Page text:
A Partisan’s Daughter

Louis De Bernières’s new novel confirms suspicions of his narrative gifts. In a good way.

Book Digest Though I dipped into Louis De Bernières’s Colombian Trilogy (The War of Don Emmanuel’s Nether Parts, The Troublesome Offspring of Cardinal Guzman, Señor Vivo and the Coca Lord) it was not until Captain Corelli’s Mandolin (the basis for an awful film by the same name) and a hilarious account of the Spanish tomato festival, La Tomatello in the August 1995 issue of Harper’s (“Seeing Red: In a Spanish Tomato War, Catharsis”) that I was convinced of De Bernières’s narrative gifts. His next novel, Birds Without Wings, is an epic masterpiece set in early 20th-century Anatolia, which confirmed my earlier judgment.

Now comes De Bernières’s latest opus, A Partisan’s Daughter (due out in October). Here’s one of the protagonists’ matter-of-fact view of marriage:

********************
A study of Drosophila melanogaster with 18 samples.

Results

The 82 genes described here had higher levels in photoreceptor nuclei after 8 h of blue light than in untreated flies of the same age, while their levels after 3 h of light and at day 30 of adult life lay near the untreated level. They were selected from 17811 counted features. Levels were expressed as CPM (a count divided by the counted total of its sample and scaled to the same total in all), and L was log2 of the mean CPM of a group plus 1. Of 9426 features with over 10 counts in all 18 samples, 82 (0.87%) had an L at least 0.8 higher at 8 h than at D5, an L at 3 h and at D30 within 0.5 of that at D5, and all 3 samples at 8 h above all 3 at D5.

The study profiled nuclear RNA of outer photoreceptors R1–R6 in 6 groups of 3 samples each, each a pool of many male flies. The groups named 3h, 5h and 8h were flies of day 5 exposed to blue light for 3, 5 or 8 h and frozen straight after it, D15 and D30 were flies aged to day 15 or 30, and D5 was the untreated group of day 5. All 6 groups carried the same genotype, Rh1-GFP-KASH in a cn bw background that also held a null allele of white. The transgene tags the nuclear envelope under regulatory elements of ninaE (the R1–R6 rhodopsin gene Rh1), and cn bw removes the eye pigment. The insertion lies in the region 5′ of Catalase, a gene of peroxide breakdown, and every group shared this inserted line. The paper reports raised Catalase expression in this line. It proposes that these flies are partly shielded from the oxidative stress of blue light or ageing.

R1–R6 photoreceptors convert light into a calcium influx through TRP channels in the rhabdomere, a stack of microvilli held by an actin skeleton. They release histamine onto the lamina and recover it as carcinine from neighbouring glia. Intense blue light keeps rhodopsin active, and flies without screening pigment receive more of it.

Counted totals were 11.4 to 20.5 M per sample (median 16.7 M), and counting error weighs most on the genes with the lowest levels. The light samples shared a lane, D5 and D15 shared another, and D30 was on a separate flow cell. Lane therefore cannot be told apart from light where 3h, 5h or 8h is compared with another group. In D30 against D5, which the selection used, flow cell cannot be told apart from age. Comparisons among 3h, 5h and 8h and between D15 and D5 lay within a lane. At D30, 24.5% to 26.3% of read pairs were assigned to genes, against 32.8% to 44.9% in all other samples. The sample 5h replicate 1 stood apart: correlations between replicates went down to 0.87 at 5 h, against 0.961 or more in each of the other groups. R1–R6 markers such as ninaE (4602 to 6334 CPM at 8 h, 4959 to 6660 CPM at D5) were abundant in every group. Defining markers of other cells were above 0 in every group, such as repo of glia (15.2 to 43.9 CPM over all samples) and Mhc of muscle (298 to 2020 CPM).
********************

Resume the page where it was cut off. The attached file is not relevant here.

…but the trouble is that sooner or later, at best your wife becomes your sister. At worst she becomes your enemy, and sets herself up as the chief obstacle to your happiness. Mine had obtained everything that she wanted, so she couldn’t see any reason to bother with me anymore. All the delights with which she had drawn me in were progressively withdrawn, until there was nothing left for me but responsibilities and a life sentence. I don’t think most women understand the nature of a man’s sexual drive. They don’t realise that for a man it isn’t just something quite nice that’s occasionally optional, like flower arranging. I tried talking to my wife about it several times, but she always reacted with impatience or blank incomprehension, as if I were an importunate alien freshly arrived from a parallel universe. I could never decide whether she was being heartless or stupid, or just plain cynical. It didn’t make any difference. You could just see her thinking to herself, “This isn’t my problem.” She was one of those insipid Englishwomen with skimmed milk in her veins, and she was perfectly content to be like that. When we married I had no idea she would turn out to have all the passion of a codfish, because she took the trouble to put on a good show until she thought it safe not to have to bother anymore. Then she settled in perpetuity in front of the television, knitting over tight stripy jumpers She became more and more ashen-faced and inert. She reminded me of a great loaf of white bread, plumped on the sofa in its cellophane wrapping…. I sometimes wonder whether the reason that puritanical religious types are so keen on marriage is their certain knowledge that it’s the one way to make sure that people get the least possible amount of sex.